Leading nationalist and far-right figures from several European Union countries met for a “summit” in Warsaw on Saturday in an attempt to show a veneer of cooperation amid deep disagreements.
The meet was purportedly to build connections between the various far-right factions who are split among two groups in the EU parliament.
They also spoke of changing the “character of the European Union.” Poland and Hungary are currently at loggerheads with Brussels over violations they have made to the principles of the rule of law.
The get-together also comes amid attempts to bridge a rift between different sections of the European far-right over connections to Russian President Vladimir Putin.
Faces of the far-right
The so-called “Warsaw Summit” was hosted by Poland’s ruling ultraconservative, nationalist Law and Justice party (PiS).
They were joined by France’s far-right figurehead Marine Le Pen, Hungary’s Prime Minister Viktor Orban, and Santiago Abascal from Spain’s Vox party.
Emissaries from Austria’s Freedom Party (FPÖ) also took part while the Alternative for Germany (AfD) and Italy’s Lega were absent.
Orban arrived in Poland on Friday to meet with Polish Prime Minister Mateusz Morawiecki. The two nationalist leaders are facing problems in the EU as well as at home.
PiS has seen its popularity fall as a series of moves targeting women and LGBT minorities have sparked widespread protest. Orban’s Fidesz is facing a coalition of most opposition parties in next year’s election.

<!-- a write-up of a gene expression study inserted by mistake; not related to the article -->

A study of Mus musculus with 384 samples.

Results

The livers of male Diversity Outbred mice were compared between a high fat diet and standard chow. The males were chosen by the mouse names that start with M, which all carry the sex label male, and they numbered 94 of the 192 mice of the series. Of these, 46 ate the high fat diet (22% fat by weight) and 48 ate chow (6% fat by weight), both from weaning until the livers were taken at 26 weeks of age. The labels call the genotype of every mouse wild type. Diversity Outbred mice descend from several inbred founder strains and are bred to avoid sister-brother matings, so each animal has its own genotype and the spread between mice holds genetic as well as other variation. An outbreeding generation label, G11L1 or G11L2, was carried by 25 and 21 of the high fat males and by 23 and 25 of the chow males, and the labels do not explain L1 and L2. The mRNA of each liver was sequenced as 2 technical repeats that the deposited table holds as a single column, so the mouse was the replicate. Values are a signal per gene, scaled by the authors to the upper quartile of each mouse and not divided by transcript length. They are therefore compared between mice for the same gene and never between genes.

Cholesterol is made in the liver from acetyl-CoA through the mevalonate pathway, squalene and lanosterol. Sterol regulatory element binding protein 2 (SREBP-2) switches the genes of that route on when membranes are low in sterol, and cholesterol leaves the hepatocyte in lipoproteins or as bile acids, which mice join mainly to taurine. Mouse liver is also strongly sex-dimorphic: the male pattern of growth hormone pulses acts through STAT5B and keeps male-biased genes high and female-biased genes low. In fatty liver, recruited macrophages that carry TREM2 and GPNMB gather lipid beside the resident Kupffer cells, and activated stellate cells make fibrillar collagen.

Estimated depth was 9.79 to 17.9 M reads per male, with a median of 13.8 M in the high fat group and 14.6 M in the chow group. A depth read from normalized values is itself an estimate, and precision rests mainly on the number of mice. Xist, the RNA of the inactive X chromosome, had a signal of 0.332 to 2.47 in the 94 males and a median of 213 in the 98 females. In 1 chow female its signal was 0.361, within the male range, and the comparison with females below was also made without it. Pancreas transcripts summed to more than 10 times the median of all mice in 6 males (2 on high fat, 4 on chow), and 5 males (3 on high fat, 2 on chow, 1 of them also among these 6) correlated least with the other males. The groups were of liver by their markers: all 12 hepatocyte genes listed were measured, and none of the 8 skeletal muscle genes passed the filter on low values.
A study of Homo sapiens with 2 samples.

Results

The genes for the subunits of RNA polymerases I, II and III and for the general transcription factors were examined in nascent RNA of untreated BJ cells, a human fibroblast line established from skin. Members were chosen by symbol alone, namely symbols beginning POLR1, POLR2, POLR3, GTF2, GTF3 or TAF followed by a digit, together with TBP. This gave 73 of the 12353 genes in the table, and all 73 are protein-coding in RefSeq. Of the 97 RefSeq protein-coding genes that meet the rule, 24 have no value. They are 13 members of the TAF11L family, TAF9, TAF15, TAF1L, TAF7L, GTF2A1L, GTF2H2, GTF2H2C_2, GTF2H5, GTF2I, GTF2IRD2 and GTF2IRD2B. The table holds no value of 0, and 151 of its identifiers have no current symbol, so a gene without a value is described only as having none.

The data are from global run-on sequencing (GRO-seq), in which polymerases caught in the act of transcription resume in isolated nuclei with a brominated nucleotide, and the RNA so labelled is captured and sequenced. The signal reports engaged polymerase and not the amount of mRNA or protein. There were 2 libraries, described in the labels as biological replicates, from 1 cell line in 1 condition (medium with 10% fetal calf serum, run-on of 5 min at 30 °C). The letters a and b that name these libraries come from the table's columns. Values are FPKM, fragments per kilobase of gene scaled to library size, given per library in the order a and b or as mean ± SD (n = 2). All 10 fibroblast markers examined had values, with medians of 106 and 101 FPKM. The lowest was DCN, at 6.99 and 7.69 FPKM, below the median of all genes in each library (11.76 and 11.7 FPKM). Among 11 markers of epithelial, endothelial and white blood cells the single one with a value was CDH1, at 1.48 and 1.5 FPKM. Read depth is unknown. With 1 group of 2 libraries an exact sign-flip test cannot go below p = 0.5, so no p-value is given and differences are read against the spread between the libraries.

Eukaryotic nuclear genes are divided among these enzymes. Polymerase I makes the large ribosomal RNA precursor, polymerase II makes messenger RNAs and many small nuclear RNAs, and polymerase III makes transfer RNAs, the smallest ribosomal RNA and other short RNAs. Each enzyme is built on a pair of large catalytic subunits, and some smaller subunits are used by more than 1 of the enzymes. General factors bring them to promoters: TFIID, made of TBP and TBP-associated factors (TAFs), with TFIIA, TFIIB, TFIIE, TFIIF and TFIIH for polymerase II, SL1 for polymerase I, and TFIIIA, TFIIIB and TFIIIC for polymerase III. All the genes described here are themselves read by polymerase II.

Far-right seeks to overcome differences
Morawiecki also hosted Le Pen for dinner on Friday evening, following a meeting with her in Brussels in October. This rapprochement follows years of antagonism over Le Pen’s closeness with Putin — a relationship that has been hard to tolerate in a country that was dominated for decades by the will of the Kremlin.
Radoslaw Fogiel, a PiS spokesperson admitted that the various parties are not in agreement on all topics, but pointed out that the most pro-Russian project currently in Europe is the Nord Stream 2 pipeline that was championed by outgoing German Chancellor Angela Merkel.
Wojciech Przybylski, editor in chief of Visegrad Insight, a policy journal focused on Central Europe, called Saturday’s meeting “essentially a PR stunt.” He told The Associated Press he thinks the event was organized so that each party could show voters “they are not alone.”